Mark Lacey, head of Global Resource Equities
Alexander Monk, portfolio manager, Global Resource Equities

There is a lot going on in the financial markets right now. Meaningful inflation has returned for the first time in decades. Supply chains everywhere remain disrupted. Geopolitical and social tensions around the world are heightened, most notably with respect to Russia’s invasion of Ukraine. All this amounts to a challenging cocktail of risks for investors to navigate.

At a time of such heightened market volatility, it is of vital importance to take a balanced and disciplined approach. Detailed below are answers to the top three questions faced by investors in energy transition equities.

What is the most concerning risk?

Stepping back from the specific issues mentioned above, we see three headwinds associated with the shifting macroeconomic regime: (1) persistent supply chain pressures; (2) the threat of rising interest rates; and (3) the risks from a slowdown in economic growth.

From a risk perspective, we are more concerned about the earnings risk from prolonged inflation and supply chain constraints than a slowdown in economic growth, given the structural nature of the energy transition theme. While certain sections would be significantly exposed to weaker economic growth (for example, autos and electrical equipment), most companies are in structurally growing markets which offer an attractive growth profile compared to other listed equities. The positive long-term support provided by our decarbonisation, and now energy security goals, should ensure this is the case.

Any opportunities in the current environment?

Despite the clear risks associated with the current environment, we strongly believe that there are substantial opportunities too.

The renewed interest in energy security (in addition to our broad decarbonisation goals), supports the need for the build-out of local, abundant, cheap, clean energy supplies around the world. The driving forces behind the energy transition remain as strong as ever and the current market environment has only enhanced these long-term structural trends.

Over the next 30 years, we expect more than US$100 trillion to be spent on achieving the transition to a more sustainable energy system, with even more to be spent on making the economy more sustainable. This spending will create the potential for a significant and structural 30-year increase in earnings growth for companies across the energy transition sector.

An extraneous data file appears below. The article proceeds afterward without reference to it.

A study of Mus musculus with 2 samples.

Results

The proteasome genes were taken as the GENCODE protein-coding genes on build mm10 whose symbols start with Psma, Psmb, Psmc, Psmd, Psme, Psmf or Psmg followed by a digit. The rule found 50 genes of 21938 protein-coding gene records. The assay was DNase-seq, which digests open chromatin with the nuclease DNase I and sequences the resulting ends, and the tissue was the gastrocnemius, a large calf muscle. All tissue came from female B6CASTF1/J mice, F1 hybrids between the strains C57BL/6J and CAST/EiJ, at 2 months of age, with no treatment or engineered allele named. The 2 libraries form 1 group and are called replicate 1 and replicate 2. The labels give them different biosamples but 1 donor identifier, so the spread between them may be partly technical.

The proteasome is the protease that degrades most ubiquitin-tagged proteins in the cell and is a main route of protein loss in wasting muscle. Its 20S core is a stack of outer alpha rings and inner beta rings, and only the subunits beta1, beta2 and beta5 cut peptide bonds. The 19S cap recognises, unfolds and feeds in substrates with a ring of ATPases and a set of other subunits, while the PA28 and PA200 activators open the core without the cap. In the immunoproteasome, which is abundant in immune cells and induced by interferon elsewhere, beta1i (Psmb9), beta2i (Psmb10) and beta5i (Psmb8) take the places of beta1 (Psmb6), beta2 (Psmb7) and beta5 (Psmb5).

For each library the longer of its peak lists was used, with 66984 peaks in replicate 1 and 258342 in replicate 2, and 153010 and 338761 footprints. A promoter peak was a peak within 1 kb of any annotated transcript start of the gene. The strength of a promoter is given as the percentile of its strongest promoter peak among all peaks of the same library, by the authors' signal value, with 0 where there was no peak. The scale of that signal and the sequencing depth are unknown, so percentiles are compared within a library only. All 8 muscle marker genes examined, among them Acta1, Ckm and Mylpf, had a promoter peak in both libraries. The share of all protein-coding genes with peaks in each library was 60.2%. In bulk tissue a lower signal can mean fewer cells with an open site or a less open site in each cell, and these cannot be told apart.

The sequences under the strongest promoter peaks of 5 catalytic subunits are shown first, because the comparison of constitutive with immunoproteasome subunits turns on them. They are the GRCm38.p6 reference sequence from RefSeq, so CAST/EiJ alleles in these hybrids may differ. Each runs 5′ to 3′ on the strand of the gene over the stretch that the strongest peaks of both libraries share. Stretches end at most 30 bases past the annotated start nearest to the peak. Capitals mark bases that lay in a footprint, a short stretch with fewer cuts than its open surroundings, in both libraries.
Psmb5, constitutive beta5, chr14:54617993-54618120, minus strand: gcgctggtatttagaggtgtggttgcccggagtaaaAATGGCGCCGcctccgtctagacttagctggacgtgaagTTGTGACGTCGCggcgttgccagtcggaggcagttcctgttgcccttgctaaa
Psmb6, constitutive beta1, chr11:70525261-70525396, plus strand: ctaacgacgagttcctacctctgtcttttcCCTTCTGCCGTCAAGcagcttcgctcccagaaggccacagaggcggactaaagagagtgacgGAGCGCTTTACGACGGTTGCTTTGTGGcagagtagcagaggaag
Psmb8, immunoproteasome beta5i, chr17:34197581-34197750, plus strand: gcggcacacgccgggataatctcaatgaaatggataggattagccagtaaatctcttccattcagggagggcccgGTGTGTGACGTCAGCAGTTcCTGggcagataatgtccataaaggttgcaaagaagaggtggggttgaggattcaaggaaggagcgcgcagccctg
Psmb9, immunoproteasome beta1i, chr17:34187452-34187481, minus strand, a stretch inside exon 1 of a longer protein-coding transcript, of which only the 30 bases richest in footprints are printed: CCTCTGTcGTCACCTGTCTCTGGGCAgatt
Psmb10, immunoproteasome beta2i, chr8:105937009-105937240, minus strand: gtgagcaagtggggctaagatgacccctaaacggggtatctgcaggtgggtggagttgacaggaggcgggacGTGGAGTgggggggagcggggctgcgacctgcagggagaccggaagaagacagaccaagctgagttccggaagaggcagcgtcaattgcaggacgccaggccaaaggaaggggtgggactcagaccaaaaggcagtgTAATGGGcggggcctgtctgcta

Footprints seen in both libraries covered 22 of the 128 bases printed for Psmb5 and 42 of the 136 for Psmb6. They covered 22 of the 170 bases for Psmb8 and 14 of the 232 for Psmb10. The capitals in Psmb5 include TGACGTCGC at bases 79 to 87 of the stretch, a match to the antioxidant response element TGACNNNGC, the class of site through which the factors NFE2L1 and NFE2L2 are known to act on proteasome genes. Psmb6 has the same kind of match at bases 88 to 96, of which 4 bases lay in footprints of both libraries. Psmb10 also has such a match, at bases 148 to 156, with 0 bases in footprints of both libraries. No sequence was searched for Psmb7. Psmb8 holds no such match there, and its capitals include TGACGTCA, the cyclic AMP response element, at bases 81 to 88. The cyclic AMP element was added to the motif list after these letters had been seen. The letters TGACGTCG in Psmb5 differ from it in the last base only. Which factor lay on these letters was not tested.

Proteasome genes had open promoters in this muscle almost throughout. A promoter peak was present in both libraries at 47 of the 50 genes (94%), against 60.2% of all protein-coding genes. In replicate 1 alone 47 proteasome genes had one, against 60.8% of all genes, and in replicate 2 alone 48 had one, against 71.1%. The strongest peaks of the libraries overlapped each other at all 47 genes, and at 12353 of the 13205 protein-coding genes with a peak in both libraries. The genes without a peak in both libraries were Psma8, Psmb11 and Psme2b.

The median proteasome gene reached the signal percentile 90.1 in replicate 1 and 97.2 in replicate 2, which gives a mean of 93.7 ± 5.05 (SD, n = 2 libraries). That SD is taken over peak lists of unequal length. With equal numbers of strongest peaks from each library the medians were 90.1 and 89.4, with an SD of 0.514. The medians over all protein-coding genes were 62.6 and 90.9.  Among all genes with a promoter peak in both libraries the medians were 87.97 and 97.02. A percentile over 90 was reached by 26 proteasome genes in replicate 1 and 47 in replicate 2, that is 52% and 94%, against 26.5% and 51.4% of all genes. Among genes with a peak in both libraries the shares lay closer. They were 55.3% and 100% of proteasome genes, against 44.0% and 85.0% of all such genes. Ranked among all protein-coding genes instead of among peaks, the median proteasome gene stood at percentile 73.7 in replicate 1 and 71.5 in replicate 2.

This structural growth could be quite attractive during an economic slowdown. Moreover, if a more persistent inflationary regime were to emerge, the size and sustainability of potential earnings growth over time may outweigh any valuation de-rating when considering wealth preservation over the long run.

Finally, cheap, clean, abundant renewable energy could be a powerful solution to reducing energy dependence on Russia, creating an opportunity to remove one of Russia’s more powerful diplomatic threats. By accelerating the uptake of renewables, and particularly wind and solar which are produced using resources that are available in every country, there is a real tool to drive higher energy equality and perhaps help to reduce inflationary pressures too. Indeed, the wider realisation of this opportunity has fuelled the recent surge in valuations in renewables.

With climate change being the biggest challenge for the planet in the years to come, there are lots of positives about energy transition equities in the current market environment, which should not be overlooked by being overly focused on the threats.

Is now a sensible time to invest?

Energy transition shares aren’t cheap yet. In the short-term, there is certainly a material risk of de-rating across most parts of the energy transition space. With central banks tightening, the era of cheap money may also be coming to an end. However, for those investors willing to hold-on through the near-term pain and use weakness as an opportunity to build exposure in this structurally growing segment, the longer-term returns projection may look appealing indeed.

Find out more about Schroders’ insights and capabilities on sustainable investing here.